Expatica news

Algerian author wins top Arab fiction prize for ‘Spartan Court’

Algerian author Abdelouahab Aissaoui on Tuesday won a prestigious prize for Arabic fiction with his novel “The Spartan Court”.

Backed by the UK’s Booker Prize Foundation, the International Prize for Arabic Fiction (IPAF) is financed by Abu Dhabi’s Department of Culture and Tourism.

Aissaoui will receive $50,000 and funds will be provided to translate the book into English, the organisers said on their website.

Published by Dar Mim, “The Spartan Court” is a historical novel that relates the power struggle between Ottoman and French colonial powers in Algeria at the start of the 19th century.

Born in the northern Algerian city of Djelfa in 1985, Aissaoui graduated in electromechanical engineering before devoting himself to writing, penning several books and receiving many awards.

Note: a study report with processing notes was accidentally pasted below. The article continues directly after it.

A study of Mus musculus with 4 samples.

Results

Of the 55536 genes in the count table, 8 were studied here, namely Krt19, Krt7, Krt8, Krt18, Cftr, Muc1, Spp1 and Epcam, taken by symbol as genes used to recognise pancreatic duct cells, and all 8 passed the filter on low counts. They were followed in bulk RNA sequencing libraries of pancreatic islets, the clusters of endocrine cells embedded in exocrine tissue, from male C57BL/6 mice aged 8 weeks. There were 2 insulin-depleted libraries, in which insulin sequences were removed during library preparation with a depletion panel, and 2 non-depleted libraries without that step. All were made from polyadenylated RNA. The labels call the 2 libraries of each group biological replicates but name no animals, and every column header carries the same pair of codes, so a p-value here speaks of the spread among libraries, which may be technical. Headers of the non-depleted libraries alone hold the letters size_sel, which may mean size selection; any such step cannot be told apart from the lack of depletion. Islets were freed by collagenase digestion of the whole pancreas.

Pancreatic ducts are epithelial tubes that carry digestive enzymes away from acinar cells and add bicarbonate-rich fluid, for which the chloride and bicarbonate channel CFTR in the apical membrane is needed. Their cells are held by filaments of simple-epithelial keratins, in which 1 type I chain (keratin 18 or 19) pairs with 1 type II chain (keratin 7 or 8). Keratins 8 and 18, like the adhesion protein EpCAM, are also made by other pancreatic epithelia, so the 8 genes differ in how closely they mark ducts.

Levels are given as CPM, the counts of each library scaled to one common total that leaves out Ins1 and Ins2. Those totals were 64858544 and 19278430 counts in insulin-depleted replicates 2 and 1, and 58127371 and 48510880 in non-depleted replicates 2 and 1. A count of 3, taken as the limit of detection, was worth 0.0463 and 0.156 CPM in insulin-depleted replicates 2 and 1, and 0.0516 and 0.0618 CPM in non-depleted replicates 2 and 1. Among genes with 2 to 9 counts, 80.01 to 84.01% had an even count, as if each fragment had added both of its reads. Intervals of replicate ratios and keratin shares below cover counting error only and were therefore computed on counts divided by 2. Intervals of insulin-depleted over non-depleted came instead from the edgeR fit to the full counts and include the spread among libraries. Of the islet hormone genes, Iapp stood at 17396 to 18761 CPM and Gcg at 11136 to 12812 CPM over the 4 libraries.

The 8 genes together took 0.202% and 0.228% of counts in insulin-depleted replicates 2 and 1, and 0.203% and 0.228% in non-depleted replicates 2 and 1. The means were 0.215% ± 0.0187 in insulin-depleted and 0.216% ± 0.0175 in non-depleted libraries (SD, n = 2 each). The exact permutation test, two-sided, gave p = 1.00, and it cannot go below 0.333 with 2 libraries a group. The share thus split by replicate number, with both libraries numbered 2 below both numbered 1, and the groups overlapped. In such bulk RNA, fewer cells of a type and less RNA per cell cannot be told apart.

The Spartan Court “invites the reader to gain a greater understanding of live under occupation and the different forms of resistance that grow against it,” said Muhsin al-Musawi, chair of the prize’s five-member judging panel.

“With its deep, historical narrative structure, the novel does not live in the past, but rather it challenges the reader to question present reality,” he added, in remarks published on the IPAF website.

“The Spartan Court” was chosen from a shortlist of six novels. The five other authors, from Egypt, Iraq, Lebanon and Syria will each receive $10,000, the organisers said.

They said one aim of the prize, conceived in Abu Dhabi in 2007, is to promote the translation of Arabic literature into English.

Due to movement restrictions imposed by UAE authorities to stem the spread of the coronavirus pandemic, the winner was announced online.

Abu Dhabi, capital of the emirate of the same name, has become an increasingly significant cultural hub and hosts the Louvre Abu Dhabi museum.